This is a small workshop exercise I call ‘the timeline of respect’.
(It can be done online as well).
We ask everyone to line up in order of the number of years of relevant experience – making the point that the old hands have seen a lot and have a lot of expertise, and the newer people usually have fresh perspectives and insight (but that it might be vice versa).
Then, together, we map the history of change in their area, right back as far as we can do – with a lot of emphasis on recent years, and some space for fears and possibilities for the future.
As we go, we note what were good, successful, well-handled examples of change – and which were not.
We then harvest the stories –
> what was GOOD about change in the past, that we can lean from?
> when was change mishandled in the past, so we DON’T do it again?
> what are the key themes?
Below I share the workshop approach
I’ve found it a nice way to get to know a group and set the scene for some mutual frankness. I think it only works if you do, genuinely, respect them and their experience.
What are your favourite exercises that help with this kind of thing?
The timeline of respect
An exercise for respect, learning, and change
First, ask everyone in the room to organise themselves in a single line,
in order of number of years’ experience in the relevant service or area – tell them you aren’t fussy about definitions… and emphasise that this
is not about age, but experience.
Then do a quick ‘scan’ of the line from the most experienced to the ‘newest’, hearing when they started (and in what role!), and emphasising that the most experienced have a lot to teach, and the newest have a fresh perspective to offer. I usually do a rough calculation – ‘so, we have around 500 years’ experience in this subject from which to draw… we should do OK then!’
Unroll a long sheet of brown paper on the floor, and draw a line down the middle of the whole length of it. Ask for a very ancient starting date – e.g. for libraries, could be the Library of Alexandria, or the Public Libraries and Museums Act 1994. Swiftly divide the line into segments from that starting
point to the present day AND ten years into the future. Make sure the last two years have as much space as the ten before that, and the same for the fourty before that etc – so that the line ‘balloons out’ towards the current day.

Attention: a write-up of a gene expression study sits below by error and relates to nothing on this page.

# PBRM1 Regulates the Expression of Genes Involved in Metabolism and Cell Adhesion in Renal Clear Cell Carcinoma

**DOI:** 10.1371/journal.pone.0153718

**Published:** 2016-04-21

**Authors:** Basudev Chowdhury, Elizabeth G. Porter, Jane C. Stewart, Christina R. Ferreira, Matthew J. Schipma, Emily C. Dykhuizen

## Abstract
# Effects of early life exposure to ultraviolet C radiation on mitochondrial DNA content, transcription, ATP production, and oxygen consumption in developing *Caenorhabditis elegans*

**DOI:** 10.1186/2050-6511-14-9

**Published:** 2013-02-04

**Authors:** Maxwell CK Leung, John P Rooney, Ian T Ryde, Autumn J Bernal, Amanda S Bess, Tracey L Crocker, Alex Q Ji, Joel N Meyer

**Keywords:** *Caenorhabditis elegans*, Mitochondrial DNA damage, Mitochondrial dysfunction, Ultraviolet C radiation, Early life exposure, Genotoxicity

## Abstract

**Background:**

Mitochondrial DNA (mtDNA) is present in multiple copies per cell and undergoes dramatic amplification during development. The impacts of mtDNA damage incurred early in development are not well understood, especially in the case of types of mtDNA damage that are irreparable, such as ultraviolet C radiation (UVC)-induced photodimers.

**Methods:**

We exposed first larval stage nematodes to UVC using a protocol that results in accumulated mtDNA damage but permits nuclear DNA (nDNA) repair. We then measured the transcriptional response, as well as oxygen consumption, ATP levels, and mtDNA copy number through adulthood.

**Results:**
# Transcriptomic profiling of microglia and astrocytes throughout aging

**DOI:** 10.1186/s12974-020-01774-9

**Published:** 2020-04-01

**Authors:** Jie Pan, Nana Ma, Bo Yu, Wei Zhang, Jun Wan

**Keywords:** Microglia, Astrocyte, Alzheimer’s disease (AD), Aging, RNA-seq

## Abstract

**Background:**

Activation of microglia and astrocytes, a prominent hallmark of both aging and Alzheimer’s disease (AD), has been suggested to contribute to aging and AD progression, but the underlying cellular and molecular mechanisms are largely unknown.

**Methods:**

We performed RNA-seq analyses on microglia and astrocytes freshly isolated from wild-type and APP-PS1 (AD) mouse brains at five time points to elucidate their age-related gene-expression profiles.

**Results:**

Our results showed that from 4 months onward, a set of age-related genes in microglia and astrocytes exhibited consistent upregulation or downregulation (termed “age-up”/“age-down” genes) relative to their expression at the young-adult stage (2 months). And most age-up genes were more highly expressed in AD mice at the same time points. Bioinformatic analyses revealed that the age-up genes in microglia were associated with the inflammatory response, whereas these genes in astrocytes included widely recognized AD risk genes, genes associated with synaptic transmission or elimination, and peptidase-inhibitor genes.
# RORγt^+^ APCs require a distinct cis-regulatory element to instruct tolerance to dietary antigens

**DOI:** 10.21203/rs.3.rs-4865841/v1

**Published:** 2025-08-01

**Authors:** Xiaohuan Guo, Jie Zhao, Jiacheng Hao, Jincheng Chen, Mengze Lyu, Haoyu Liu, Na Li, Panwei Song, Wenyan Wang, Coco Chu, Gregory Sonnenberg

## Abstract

Give everyone a pen and post-it pack, and ask them to put down the events that have contributed to us being where we are today, discussing the subject of the workshop… so for a timeline of ‘lean in local government’, it would probably take in all the quality, improvement, VFM, CCT techniques etc etc. Ask everyone to be sure to include their starting date as well! And any changes of leader, politicians etc which are relevant –
also any legislative changes, ICT changes, wider system changes (elections, recession etc etc etc).
They are to put one event per post-it, and locate it at the appropriate date along the timeline.
They also have to categorise how ‘good’ or ‘bad’ the event was – emphasise this is just indicative! ·The ‘better’ the event, the more positive, the more it is something to learn from, the higher above the line it is located. ·The ‘worse’ the event, the more negative, the more it is something from which to earn what not to do, the lower below the line it is located.
I usually ask everyone to spend five minutes in silence jotting down key events and putting them on the line – as always, if you duplicate someone else’s post-it, just stick it on top.
Then I give another ten minutes or so of collaboration and discussion to add to the events.
Then we review the whole timeline, and try to identify ‘the five good things to learn from’ and ‘the five bad things to NOT do again’, and any key themes, to take forward into the work at hand.
This entire exercise is designed to show that you respect their knowledge and experience and want to learn from it and from the past in general.